Let me preface this review by saying I wasn’t the biggest fan of The Last Exorcism, so I was really rooting for Daniel Stamm while watching 13 Sins. As a filmmaker, Stamm certainly displayed visual prowess and keen cinematography, as I blamed poorly paced storywork for my general disinterest in his previous demonic endeavor – but could his latest release provide atonement? Adapting the Thai film 13 Beloved, Stamm’s voice is more prevalent given his input into the screenplay, and he creates a better film for it – balancing hints of horror with a game show thriller. While sins are sins, could you rationalize illegal actions with dangerous implications if they benefit those you love? Does a blurry line between good and evil exist when backed into a corner? The true horrors of 13 Sins aren’t exemplified through violence or murderers, but a philanthropic puppet master taking advantage of those who simply can’t say no.
Elliot (Mark Webber) is an expecting father, future husband, and plays caretaker to his mentally disabled brother – and he’s just been fired from his job. Without any source of income, our luckless hero is forced to downgrade his wedding and possibly send his brother back to a special facility – until he receives a surprise phone call. A voice on the other end of the line explains that he’s been selected to play a game, a reality show of sorts. As long as he follows the rules, he’ll have cash wired directly to his account. Skeptical of the chance to win millions of dollars, the voice offers $1,000 if he’ll swat the fly in his car. Doing do, Elliot is immediately alerted to a $1,000 transaction in his bank account. Game on, right? Without thinking, Elliot accepts the voice’s terms and sets out on his 13 challenge adventure – unaware of the mistake he just made.
13 Sins is psychologically haunting, suspenseful, dangerous – yet inconsequential. Anarchy reigns supreme as Elliot is forced to cause chaos throughout a normal city setting, but his continued adventures become a little zany at times considering such a non-stop charade. It’s blasphemous to believe any one person could commit so many crimes yet run free, as we watch Elliot walk around with a corpse, urinate on flowers, and even accidentally shoot a police officer, only to advance challenge to challenge with a certain ease. While I firmly stand behind my classification of “dangerous,” it’s hard for one to embrace heart-pumping excitement after our protagonist pulls so many coincidental vanishing acts.
Stamm’s update on 13 Beloved swaps out more darkly comedic tones for purer suspense, and a few shining moments of horrific brutality emphasize the disturbing nature of Elliot’s game. Starting off with a simple fly swatting, 13 Sins is about Elliot transforming from a meek, passive man struggling to maintain normalcy into a ballsy alpha male gaining control of the life he wants. Feelings are hurt, people die, and Elliot does everything in his power to stay morally straight, but horror fans are gleefully gifted a few memorable, squeamish scenes involving traps and sicks minds. One moment of motorcycle madness might even go down as one of the best death scenes of horror 2014 – but only Father Time holds that answer.
Mark Webber plays Elliot, our “fortunate” contestant, possessing all the charms of a captivating, doomed leading man. Approaching the game first with excitement, then with palpable fear, Webber exhibits believable levels of discomfort while being “forced” to do something as sinister as making a small child cry, but we bask in Elliot’s soulless exploitation. Of course, when interacting with his brother (Devon Graye) and repulsive father (Tom Bower), we trade fun for drama, something a little too overplayed between Elliot and Mr. Brindle. Later used as a twisted plot device, Mr. Brindle is a boisterous, vile human who audiences will have a hard time accepting, as Webber’s acting is better off when imitating Weekend At Bernie’s.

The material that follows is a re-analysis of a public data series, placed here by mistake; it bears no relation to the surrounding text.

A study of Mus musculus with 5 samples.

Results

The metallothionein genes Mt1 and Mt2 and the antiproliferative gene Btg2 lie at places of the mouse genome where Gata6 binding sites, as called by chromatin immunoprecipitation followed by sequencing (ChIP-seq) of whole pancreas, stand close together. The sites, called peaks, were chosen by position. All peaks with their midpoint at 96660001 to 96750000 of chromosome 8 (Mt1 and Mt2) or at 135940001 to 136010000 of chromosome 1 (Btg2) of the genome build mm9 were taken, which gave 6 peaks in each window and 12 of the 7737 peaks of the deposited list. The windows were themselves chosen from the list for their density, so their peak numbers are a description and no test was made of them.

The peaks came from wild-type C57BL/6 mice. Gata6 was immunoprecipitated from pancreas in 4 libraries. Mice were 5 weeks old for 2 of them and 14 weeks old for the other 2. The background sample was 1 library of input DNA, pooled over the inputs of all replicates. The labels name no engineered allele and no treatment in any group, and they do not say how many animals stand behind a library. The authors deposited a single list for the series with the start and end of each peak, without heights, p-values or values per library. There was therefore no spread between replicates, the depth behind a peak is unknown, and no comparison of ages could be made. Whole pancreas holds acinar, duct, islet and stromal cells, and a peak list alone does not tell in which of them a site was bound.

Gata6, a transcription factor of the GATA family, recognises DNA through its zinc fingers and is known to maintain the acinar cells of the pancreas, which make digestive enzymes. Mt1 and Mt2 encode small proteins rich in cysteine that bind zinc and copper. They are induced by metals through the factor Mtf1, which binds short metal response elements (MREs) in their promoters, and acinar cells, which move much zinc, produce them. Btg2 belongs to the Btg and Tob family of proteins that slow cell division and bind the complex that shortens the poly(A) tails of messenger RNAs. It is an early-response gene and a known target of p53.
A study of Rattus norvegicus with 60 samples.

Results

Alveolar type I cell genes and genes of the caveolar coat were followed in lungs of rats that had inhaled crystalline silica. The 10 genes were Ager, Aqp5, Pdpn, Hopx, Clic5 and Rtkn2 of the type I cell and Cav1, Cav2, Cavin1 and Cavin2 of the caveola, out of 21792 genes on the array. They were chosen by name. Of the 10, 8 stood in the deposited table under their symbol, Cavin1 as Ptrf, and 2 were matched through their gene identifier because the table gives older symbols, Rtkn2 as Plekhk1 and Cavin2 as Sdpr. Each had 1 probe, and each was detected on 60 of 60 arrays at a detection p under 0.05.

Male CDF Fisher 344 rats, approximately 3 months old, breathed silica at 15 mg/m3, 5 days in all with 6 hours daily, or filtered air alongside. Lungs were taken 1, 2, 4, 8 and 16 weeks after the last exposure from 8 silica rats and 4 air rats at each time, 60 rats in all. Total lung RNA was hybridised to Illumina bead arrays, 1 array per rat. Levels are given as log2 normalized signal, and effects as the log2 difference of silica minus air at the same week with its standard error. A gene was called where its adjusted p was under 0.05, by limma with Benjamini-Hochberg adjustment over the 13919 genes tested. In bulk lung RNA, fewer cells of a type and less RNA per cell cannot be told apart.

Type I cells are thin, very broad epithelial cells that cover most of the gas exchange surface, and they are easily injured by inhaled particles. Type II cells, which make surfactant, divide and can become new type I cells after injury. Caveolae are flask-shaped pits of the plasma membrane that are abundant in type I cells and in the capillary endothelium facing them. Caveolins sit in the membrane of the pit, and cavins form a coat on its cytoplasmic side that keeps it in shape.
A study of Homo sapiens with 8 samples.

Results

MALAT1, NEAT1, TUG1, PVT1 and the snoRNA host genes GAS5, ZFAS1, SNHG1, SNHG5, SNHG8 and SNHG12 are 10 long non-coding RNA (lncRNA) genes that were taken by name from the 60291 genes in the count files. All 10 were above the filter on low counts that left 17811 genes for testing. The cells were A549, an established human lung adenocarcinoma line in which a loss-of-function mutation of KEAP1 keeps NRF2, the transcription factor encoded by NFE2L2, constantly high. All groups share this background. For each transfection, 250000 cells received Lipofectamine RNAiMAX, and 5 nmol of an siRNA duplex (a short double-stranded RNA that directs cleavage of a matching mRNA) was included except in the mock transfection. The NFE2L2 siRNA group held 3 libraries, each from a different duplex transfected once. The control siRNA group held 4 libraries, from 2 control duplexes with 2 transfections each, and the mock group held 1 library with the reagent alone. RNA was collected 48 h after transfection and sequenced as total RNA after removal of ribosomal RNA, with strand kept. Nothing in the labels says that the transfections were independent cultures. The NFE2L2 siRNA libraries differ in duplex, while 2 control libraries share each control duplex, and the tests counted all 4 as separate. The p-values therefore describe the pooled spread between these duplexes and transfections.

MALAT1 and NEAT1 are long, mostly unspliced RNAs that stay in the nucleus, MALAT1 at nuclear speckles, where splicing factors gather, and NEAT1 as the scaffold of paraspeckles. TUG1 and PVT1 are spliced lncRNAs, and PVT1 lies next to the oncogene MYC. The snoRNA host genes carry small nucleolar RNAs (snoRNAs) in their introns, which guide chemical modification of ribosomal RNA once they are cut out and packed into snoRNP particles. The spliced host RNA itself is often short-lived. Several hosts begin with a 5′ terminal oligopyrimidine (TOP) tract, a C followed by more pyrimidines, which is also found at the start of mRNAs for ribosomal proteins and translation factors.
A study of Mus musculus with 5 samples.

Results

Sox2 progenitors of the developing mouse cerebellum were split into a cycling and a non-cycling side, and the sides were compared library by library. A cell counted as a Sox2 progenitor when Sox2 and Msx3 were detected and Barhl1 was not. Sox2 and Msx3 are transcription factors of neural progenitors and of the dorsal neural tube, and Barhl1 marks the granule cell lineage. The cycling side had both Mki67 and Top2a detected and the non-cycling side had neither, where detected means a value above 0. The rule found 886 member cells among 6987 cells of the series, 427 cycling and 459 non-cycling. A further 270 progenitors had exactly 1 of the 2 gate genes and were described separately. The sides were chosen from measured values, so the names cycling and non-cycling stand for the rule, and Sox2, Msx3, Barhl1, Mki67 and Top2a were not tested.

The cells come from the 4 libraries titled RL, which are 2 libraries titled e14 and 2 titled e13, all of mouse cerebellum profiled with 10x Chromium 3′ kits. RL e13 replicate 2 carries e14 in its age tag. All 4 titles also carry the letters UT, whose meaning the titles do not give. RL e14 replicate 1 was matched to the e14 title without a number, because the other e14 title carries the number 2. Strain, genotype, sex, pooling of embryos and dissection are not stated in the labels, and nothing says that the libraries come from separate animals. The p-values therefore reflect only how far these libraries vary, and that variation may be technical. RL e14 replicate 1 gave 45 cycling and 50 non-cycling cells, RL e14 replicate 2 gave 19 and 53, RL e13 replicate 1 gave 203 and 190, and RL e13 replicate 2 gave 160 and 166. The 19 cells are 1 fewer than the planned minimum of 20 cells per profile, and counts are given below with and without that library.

13 Sins is a thought-provoking and mysteriously entertaining film until a certain point that actually unwinds previous intensity – a soft, borderline uneventful ending. Bloody, finite, and conclusive no doubt, but also somewhat unfulfilling. In a way, there are no lingering implications, no threats – only a confusing reaction on Elliot’s face like a breath of fresh air that doesn’t exist in the tightest thrillers. A weighty decision is made that basically negates everything Elliot experienced, making the pain, sacrifice, and loss all for naught – exemplifying personal do-gooding and sappy self-assessing. Heartwarming, but I mean, damn – even after the horrors faced? Even after squaring off against Ron Perlman?
While my pro-Stamm stance has spiked a satisfied grin, I do wish 13 Sins had a little more scripted grittiness. Visually, the brutality exists – there’s no doubting rolling heads – but Elliot’s more upstanding decisions end up exhausting the true horror of his situation. Despite an almost Jigsaw-like game afoot, complete with a circus ringtone and cheery ringmaster spouting instructions, without a necessary, lingering dread, 13 Sins goes out on weaker moment than anticipated. There’s still an intriguing watch to be had, and I do recommend it, there’s just a missing piece to the puzzle that never quite completes Stamm’s twisted game.
13 Sins may not be the most dangerous game, but Daniel Stamm's Jigsaw-inspired contest presents plenty of moral conundrums worth experiencing - because you're not the one answering them.